A couple of days after Intel claimed to have achieved its best financial quarter ever, rival chip maker AMD managed to make less of a loss than many observers were expecting.

Indeed, the outfit might have made a profit were it not paying for fabs it no longer owns, having 'spun off' its manufacturing business to GlobalFoundries in 2009.

AMD posted a net loss of $43 million, or six cents per share for the quarter ended June 26. Revenue was pegged at $1.65 billion, an increase of 40 per cent over last year. The firm's gross margin rose to 45 per cent of revenue, from 37 per cent last year. Intel's, in comparison, is currently 67 per cent.

The firm posted a $120 million non-cash loss related to GlobalFoundries, an outfit it retains around a 20 per cent interest in.

AMD said its performance was "solid" and reported that demand for its "GPU offerings were very strong".

President and CEO Dirk Meyer said, "Robust demand for our latest mobile platforms and solid execution drove record second quarter revenue and a healthy gross margin."

He claimed AMD's "unmatched combination of microprocessor and graphics capabilities resulted in customers launching a record number of new mobile and desktop platforms. We added Sony as a microprocessor customer and continue to see our existing customers expand their AMD-based platform offerings."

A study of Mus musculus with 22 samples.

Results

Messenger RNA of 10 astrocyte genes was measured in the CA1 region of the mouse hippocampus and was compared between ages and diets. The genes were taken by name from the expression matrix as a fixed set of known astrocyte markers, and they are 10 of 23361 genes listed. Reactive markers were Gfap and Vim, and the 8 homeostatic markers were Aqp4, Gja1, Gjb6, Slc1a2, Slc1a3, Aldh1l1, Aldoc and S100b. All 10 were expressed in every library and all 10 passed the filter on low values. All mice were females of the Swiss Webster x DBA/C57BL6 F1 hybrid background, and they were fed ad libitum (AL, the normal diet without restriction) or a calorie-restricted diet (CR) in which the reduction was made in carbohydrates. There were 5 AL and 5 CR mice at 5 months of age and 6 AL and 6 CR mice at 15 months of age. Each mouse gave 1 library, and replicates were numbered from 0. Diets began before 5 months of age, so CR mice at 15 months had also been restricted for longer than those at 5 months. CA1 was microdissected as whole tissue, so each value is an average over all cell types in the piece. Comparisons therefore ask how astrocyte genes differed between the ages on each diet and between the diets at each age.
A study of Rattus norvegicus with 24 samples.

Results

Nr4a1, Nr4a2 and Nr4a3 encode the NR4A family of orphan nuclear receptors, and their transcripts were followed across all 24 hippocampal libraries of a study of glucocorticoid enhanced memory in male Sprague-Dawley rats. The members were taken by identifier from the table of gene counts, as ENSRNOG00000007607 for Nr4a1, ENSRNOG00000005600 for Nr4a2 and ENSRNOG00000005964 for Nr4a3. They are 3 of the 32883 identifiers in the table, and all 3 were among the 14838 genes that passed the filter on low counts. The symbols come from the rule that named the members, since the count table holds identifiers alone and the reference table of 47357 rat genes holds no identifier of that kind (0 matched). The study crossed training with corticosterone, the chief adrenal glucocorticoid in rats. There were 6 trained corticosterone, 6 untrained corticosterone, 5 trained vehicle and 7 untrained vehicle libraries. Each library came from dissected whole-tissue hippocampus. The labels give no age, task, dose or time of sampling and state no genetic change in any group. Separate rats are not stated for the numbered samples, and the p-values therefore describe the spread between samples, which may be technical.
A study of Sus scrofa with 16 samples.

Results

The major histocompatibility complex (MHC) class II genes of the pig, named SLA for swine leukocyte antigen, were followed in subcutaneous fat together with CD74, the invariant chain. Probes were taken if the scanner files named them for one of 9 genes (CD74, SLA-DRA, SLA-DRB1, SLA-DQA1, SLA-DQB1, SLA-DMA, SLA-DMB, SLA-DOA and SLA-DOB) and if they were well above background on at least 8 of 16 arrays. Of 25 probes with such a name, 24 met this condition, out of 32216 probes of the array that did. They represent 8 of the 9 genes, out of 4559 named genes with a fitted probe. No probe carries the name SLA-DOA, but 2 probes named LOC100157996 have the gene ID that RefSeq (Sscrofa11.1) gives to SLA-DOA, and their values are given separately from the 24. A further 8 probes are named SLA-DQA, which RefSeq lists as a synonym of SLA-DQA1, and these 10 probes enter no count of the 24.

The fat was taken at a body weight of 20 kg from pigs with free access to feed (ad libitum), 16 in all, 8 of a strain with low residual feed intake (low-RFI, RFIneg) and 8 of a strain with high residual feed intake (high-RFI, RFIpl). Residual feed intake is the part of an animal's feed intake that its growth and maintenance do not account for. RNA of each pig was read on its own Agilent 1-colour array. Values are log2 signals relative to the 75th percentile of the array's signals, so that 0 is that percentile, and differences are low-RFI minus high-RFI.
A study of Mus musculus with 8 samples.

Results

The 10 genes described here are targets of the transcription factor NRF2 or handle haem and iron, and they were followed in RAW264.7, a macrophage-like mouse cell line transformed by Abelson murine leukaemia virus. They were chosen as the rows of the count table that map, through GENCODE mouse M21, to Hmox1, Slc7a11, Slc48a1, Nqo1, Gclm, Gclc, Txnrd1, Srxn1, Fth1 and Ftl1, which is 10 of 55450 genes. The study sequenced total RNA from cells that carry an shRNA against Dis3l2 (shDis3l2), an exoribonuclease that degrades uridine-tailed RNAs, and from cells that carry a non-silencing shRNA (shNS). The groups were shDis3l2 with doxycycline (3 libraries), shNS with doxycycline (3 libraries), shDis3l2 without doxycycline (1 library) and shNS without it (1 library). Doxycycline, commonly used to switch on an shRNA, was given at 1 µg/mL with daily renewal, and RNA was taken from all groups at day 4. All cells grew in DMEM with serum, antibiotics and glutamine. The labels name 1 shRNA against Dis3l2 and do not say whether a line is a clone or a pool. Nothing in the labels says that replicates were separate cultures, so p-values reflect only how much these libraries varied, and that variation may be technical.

Highlights for AMD's quarter include the fact that it sold some notebook chips. The segment made a $128 million profit compared with a loss of $67 million in Q2-09.

ATI's contribution was up eight per cent sequentially and 87 percent year-over-year. The increase was driven by record GPU unit shipments, although average selling prices for these were down.The firm said it had shipped more than 16 million Microsoft DirectX 11-capable GPUs in the three quarters since it began selling them.

The graphics unit made a $33 million profit, compared with $47 million in Q1-10 and a loss of $17 million in Q2-09.

The company said expects third-quarter revenue to rise with the seasonal swing. It shied away from predicting a profit.

Its stock price rose 4.7 per cent, or 35 cents, to $7.76 in extended trading.